Finally rolling with the cable modem hookup. Woot. Had a decent return to teh online poker last night, bubbling in a tournament at UB but picking up a little bit of scratch at 15/30.
I'm developing a bit of a bad attitude lately, in regards to gambling in general, and I'm not sure how to resolve it. The root of the problem, methinks, is that it's not even a "bad" attitude, in the grander scheme of things. Probably a "good" attitude, if you get down to brass tacks.
I'm finding myself less and less concerned with the money involved, as far as actual dollar amounts. I'm aware of it, in general, as far as where el bankroll stands, but I'm reaching the point where I don't blink at either dropping or winning a buy-in at 15/30. If I continue to shove money at the tables, and shove it in somewhat correct fashion, the odds are that I'll show a decent return on investment at the end of the month. Not guaranteed, obviously, and always accompanied by the occasional downswings, but the general direction, from a pure profit/loss standpoint, is very likely to trend upward.
Which is a very cool thing, and a position I'm very grateful to be in. But, to regress to grunt monkey terms: "Where's the fun in that?"
And I really don't have an answer. Last night was a little odd, in that I got absolutely no pleasure from sitting down and playing online, even after an extended break of a few weeks off. I'm sure part of it is coming back from a weekend of non-stop live poker action, but I was more than a little struck by the ridiculous nature of sitting in front of a monitor, looking at pixels, hitting buttons. As DuggleBogey aptly points out, it's a mistake to say that you could even a trained monkey could play winning online poker, as many monkeys would be too smart to ever become engaged in such a pointless exercise.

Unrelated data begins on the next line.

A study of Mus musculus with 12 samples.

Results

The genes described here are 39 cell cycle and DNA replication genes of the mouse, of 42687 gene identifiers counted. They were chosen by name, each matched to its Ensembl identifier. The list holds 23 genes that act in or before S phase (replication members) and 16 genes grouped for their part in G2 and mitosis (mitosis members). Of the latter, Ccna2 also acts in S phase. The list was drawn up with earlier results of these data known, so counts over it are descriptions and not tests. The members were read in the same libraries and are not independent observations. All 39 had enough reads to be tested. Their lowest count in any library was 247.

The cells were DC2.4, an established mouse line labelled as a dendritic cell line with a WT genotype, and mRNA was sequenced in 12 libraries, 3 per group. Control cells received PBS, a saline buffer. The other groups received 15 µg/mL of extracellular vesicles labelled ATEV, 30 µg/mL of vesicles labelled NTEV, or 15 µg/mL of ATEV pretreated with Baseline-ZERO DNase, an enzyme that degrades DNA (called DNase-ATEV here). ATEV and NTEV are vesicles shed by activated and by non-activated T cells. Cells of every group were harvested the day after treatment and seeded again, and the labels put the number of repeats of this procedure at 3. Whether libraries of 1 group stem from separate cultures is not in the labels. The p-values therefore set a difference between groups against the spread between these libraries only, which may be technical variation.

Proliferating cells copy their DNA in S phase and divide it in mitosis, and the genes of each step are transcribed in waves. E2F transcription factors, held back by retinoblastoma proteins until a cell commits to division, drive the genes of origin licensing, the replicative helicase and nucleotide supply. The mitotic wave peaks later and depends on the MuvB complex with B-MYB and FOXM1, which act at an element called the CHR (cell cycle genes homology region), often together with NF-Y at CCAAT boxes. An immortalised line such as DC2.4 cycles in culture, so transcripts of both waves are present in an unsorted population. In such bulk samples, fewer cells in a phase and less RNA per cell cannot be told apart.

(I don't mean to imply that people who aren't winning online are dumber than monkeys. I'm mainly just pointing out the endless, repetitive nature of online poker, and that once you successfully train yourself to act certain ways in certain situations, you have a good shot at winning.)
Or, in simpler terms, I enjoyed myself much more in the half hour I spent playing with our spastic pet rat Sherman, as he ran around the house in a never-ending search for bugs to eat, than in the two hours I spent playing poker.
The real issue lurking beneath all of this is one of commitment, both financial and emotional. I can likely continue to trot along in a nice, profitable safe zone for an indefinite amount of time, making nice supplemental income from poker while exposing myself to a minimum of risk. Which, again, I'm grateful for, as it's nothing to sneeze at. But I worry that it's just going to get harder to make myself put the time in at the tables, as the novelty wears off a bit of playing at higher limits, and the realization continues to set in that after you develop a certain amount of chops, the waters are pretty stagnant and unchanging.
Yeah, I know, cry me a river. I guess all I'm really whining about is that I wish I had more balance in my life right now. I'm not willing to quit the day job and commit to turning my business ventures/poker-playing into a full-time equivalent job, due to the obvious risks involved. Unless I make that leap, though, I'm reasonably pot committed to staying the present course, as I can't currently justify exposing more of my bankroll to 30/60. The day job, however, is completely mindless and unsatisfying, while the poker-playing and business-venturing continue to suck up their allotted weekly time.
All of which is ignoring the fact that the ostensible reason for keeping my monkey ass so constantly busy is to make enough money so I can comfortable take off a year or two and write a few novels. And around and around we go.
Why can't there be about six more hours in each day?